Diclofenac sodium overdoseVoltaren overdose
Diclofenac sodium is a prescription medicine used to relieve pain and swelling. It is a nonsteroidal anti-inflammatory drug (NSAID). Diclofenac sodium overdose occurs when someone takes more than the normal or recommended amount of this medicine. This can be by accident or on purpose.
This is for information only and not for use in the treatment or management of an actual overdose. DO NOT use it to treat or manage an actual overdose. If you or someone you are with overdoses, call your local emergency number (such as 911), or your local poison center can be reached directly by calling the national toll-free Poison Help hotline (1-800-222-1222) from anywhere in the United States.
An overdose is when you take more than the normal or recommended amount of something, usually a drug. An overdose may result in serious, harmful sym...
Diclofenac sodium can be harmful in large amounts.
Diclofenac sodium is a prescription medicine. It is sold under these brand names:
Other medicines may also contain diclofenac sodium.
Symptoms of a diclofenac sodium overdose include:
- Headache (can be severe)
- Movement problems
- Nausea and vomiting (sometimes with blood)
- Numbness and tingling
- Ringing in the ears
- Stomach pain (with possible bleeding in the stomach and intestines)
- Urination problems (little to no urine output)
In very rare cases, severe breathing problems, coma, convulsions, and blurred vision may occur.
Seek medical help right away. DO NOT make the person throw up unless poison control or a health care provider tells you to.
Before Calling Emergency
Have this information ready:
- Person's age, weight, and condition
- Name of the product (ingredients and strengths, if known)
- Time it was swallowed
- Amount swallowed
- If the medicine was prescribed for the person
Your local poison center can be reached directly by calling the national toll-free Poison Help hotline (1-800-222-1222) from anywhere in the United States. This national hotline number will let you talk to experts in poisoning. They will give you further instructions.
Local poison center
For a POISON EMERGENCY call:1-800-222-1222ANYWHERE IN THE UNITED STATESThis national hotline number will let you talk to experts in poisoning. This ...
This is a free and confidential service. All local poison control centers in the United States use this national number. You should call if you have any questions about poisoning or poison prevention. It does NOT need to be an emergency. You can call for any reason, 24 hours a day, 7 days a week.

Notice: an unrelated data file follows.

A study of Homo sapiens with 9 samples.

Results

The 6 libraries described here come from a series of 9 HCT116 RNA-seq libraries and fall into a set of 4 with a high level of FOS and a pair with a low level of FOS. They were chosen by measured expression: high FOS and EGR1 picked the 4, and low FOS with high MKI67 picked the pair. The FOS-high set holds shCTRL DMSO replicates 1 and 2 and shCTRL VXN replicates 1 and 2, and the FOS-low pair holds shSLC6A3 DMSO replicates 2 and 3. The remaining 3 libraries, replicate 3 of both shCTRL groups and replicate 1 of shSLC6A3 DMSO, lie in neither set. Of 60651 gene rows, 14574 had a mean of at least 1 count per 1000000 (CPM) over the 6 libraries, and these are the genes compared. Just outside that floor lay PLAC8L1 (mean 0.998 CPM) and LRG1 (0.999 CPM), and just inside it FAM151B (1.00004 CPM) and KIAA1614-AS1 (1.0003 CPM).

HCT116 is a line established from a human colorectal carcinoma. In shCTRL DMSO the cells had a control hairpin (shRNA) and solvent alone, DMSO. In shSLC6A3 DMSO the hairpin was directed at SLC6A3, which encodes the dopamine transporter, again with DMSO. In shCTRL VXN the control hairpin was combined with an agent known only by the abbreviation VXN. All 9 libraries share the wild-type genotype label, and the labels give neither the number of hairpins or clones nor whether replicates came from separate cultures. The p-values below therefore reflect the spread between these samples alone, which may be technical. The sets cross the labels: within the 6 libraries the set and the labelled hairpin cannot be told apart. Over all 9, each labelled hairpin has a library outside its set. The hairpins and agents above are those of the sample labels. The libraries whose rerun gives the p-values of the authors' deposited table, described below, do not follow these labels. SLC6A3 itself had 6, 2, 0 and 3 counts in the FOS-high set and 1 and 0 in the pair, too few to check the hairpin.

What to Expect at the Emergency Room
Take the container to the hospital with you, if possible.
The health care provider will measure and monitor the patient's vital signs, including temperature, pulse, breathing rate, and blood pressure. Symptoms will be treated.
The person may receive:
- Activated charcoal
- Blood and urine tests
- Breathing support, including a tube through the mouth and breathing machine (ventilator)
- Fluids through a vein (by IV)
- Medicine to reverse stomach inflammation and bleeding, or breathing problems
- Tube through the mouth into the stomach to empty the stomach (gastric lavage)
Taking too much diclofenac sodium does not usually cause serious problems. The person may have some stomach pain and vomiting (possibly with blood). However, these symptoms will likely get better. Rarely, a blood transfusion may be needed. Passing a tube through the mouth into the stomach (endoscopy) may be required to stop internal bleeding.
In rare cases, the person may also hear ringing in the ears and have a bad headache, but these symptoms will likely pass as well.
Donovan JW. Nonsteroidal anti-inflammatory drugs. In: Shannon MW, Borron SW, Burns MJ, eds. Haddad and Winchester's Clinical Management of Poisoning and Drug Overdose. 4th ed. Philadelphia, PA: Elsevier Saunders; 2007:chap 51.
Long H. Acetaminophen, aspirin, and NSAIDs. In: Adams JG. Emergency Medicine. 2nd ed. Philadelphia, PA: Elsevier Saunders; 2013:chap 144.
Seger DL, Murray L. Aspirin and nonsteroidal agents. In: Marx JA, Hockberger RS, Walls RM, et al, eds. Rosen's Emergency Medicine: Concepts and Clinical Practice. 8th ed. Philadelphia, PA: Elsevier Mosby; 2014:chap 149.
Review Date: 10/13/2015
Reviewed By: Jacob L. Heller, MD, MHA, Emergency Medicine, Virginia Mason Medical Center, Seattle, WA. Also reviewed by David Zieve, MD, MHA, Isla Ogilvie, PhD, and the A.D.A.M. Editorial team.